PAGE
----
Early in “The Painter and the Thief,” surveillance camera footage shows the retreating forms of two men moved to theft, as they haul two stolen paintings from a small Oslo gallery.
Then we meet the defrauded artist, Barbora, a young Czech painter of gorgeous naturalistic portraits who lives in Oslo with her husband, and who finds herself compelled to befriend – and paint several portraits of – one of the thieves: Karl-Bertil, a bright, abundantly tattooed, self-destructive young Norwegian with criminal tendencies and a drug problem.
Barbora and Karl-Bertil form an unlikely and uncannily deep bond over art and identity in this beautiful, disarming, provocatively constructed documentary by Benjamin Ree, which streams online at PMA Films.
As befits an exploration of a portraitist and a portrait thief, Ree’s film looks close and long at his characters’ faces, both those on canvas and those in the flesh, with sometimes startling intimacy, setting up a complicated hall-of-mirrors of seeing, being seen, and being seen being seen.
We watch Barbora’s face early in their friendship as she invites Karl-Bertil into her studio and sketches him, looking at him with such wide-open, unblinking expectancy that you almost worry for him. And we watch Karl-Bertil’s face as he’s being sketched, nervous and incredulous but twitching into a grin, elated, as if aware of magic being incanted between them.
Soon, we’re watching the two of them smoking, laughing, and gazing on the regular, Karl-Bertil opening up about his troubles as Barbora looks on lovingly, if sometimes with concern, all with a tenderness so steeped in serotonin that it’s a little unnerving. Their bond does seem alchemical. They seem drawn together as if figures in some inevitable enchanted story.
Meanwhile, we watch Karl-Bertil’s larger-than-life face take shape in time-lapse on Barbora’s canvases, and we watch as the artist’s own rapt face looks, assesses, and she dabs a minute point on the canvas infinitesimally darker. Up that close, the face-in-the-making is made up of many abstract shapes before it becomes a recognizable, remarkably executed Karl-Bertil, in dark-rimmed glasses we rarely see him wear on camera, looking intense, solid, and contemplative, dipping a finger into a glass of red wine.
And the flesh-and-blood Karl-Bertil’s reaction, upon seeing this first of many completed portraits of himself, is one of the most astonishing moments of the film: his face freezes as if in shock, and then, as Barbora looks on, waiting, he moans as if involuntarily, as if in visceral, primal, animal pain.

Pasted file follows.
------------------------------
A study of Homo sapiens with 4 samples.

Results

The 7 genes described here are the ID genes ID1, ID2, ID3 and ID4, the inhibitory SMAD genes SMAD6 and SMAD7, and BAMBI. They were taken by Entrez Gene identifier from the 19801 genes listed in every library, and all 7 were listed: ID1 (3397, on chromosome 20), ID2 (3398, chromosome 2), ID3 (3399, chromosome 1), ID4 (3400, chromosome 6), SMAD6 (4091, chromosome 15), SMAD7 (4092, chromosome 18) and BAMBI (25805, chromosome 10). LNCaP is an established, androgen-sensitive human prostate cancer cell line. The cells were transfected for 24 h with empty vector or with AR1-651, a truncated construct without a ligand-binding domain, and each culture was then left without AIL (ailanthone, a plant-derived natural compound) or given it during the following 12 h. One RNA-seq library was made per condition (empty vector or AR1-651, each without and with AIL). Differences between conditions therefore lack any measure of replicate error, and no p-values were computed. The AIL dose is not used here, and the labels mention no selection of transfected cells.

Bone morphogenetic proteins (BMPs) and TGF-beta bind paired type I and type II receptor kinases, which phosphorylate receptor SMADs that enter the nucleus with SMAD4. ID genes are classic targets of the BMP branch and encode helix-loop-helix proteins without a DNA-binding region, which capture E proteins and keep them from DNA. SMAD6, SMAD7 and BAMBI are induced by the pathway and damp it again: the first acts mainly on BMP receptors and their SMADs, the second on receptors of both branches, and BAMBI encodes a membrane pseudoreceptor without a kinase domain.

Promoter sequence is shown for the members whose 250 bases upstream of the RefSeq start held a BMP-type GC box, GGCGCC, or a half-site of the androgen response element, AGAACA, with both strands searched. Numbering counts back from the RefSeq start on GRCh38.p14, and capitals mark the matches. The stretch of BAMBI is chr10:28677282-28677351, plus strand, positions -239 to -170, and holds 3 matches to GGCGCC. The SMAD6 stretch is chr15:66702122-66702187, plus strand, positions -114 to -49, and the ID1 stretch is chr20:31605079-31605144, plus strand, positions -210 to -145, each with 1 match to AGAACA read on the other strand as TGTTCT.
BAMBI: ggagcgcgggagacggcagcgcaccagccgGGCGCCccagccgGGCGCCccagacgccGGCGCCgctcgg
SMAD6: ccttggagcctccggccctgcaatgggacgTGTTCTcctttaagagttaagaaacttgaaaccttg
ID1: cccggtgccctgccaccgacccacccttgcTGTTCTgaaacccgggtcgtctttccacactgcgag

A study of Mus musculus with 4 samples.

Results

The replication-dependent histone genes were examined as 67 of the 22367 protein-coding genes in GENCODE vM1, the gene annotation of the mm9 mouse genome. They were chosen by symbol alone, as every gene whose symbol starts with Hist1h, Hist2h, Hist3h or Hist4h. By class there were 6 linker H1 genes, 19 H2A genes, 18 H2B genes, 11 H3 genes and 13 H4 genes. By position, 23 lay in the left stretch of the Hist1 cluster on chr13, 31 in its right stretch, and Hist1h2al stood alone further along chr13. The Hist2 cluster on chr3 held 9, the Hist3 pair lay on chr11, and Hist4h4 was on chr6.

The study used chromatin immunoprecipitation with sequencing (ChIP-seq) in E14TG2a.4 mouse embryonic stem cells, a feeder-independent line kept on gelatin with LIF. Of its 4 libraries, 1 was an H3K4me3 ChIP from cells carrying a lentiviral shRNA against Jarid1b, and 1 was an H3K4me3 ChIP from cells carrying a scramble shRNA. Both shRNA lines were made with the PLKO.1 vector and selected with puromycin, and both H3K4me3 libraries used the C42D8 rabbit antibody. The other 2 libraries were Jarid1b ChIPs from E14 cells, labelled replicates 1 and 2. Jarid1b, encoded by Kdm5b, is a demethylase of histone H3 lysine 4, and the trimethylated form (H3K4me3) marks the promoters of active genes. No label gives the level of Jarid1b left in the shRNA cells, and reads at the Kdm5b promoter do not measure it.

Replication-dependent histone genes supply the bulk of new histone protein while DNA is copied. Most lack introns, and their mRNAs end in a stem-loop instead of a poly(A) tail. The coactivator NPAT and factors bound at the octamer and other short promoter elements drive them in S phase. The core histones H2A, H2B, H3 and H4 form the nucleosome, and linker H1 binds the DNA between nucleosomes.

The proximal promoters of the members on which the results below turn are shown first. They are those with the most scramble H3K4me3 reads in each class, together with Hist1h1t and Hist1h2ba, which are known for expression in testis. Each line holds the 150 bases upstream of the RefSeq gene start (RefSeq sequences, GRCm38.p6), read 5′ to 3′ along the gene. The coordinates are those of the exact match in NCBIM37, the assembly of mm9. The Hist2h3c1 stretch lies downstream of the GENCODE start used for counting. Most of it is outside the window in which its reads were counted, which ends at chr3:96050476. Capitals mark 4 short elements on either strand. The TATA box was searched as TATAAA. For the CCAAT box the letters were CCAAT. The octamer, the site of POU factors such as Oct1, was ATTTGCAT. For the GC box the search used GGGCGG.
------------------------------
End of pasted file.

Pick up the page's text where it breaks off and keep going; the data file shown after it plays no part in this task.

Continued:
Later, we see him gazing at himself alone, now wearing the glasses, quite literally reshaping himself in the portrait’s image. The power she wields through him, and he through her, feels archetypal, addictive, and ethically enigmatic.
The question of art as theft is implicit from the film’s beginning, and viewers will likely have been raising eyebrows as Barbora takes photos of Karl-Bertil and his girlfriend near-naked in bed, or lavishes aesthetic praise on a hole in his hand after a terrible car crash.
So it’s a relief when the film breaks from its initial perspective of Barbora as our main lens, puts up a title that reads “The Thief,” and lets us now look on Barbora with more ambivalence. We revisit some of the earlier footage, now hearing Karl-Bertil’s reflections not just on his story and troubles, but on what he knows of Barbora, her own tattoos and past traumas, and the darkness he sees in her.
Thief and painter, as it turns out, have a lot in common, and it’s satisfying to find that Karl-Bertil is at least as savvy to Barbora’s dual gifts and dysfunctions as she is to his.
Throughout, the film’s subjects are striking in how perfectly oblivious – and/or, perhaps, how perfectly performed – they are in front of the camera. Never do they speak to the filmmaker, slip him an inadvertent glance, or in any way acknowledge the circumstances of his access. I craved to know more about the filmmaker’s relationship with them and their involvement in their own creation on camera – especially so as Ree follows Karl-Bertil’s pause, on his way to rehab, to buy heroin, and some even worse choices.
Ree also keeps a few plot points up his sleeve as he makes his jumps in time, perspectives, and storylines, and pulls out some dramatic last-minute surprises he’s been saving – about the telling creative license Barbora takes with a portrait of Karl-Bertil, about the other thief (remember him?) – for the payoff. He withholds some information to shape the story in a way that leans into the sensibility of a narrative film, and I initially felt thrown by this, even a little manipulated.
But Ree’s choices have a way of deepening once the screen goes dark, and ultimately, it now seems to me, he has aptly completed a circuit of art and theft: Ree has quietly made the film itself an object lesson in the ambiguous nature of portraiture. The art of Ree’s story of art reminds us of just how many people, how much alchemy and larceny, lie behind any face in a frame.
Megan Grumbling is a writer, editor, and teacher who lives in Portland. Find her at megangrumbling.com.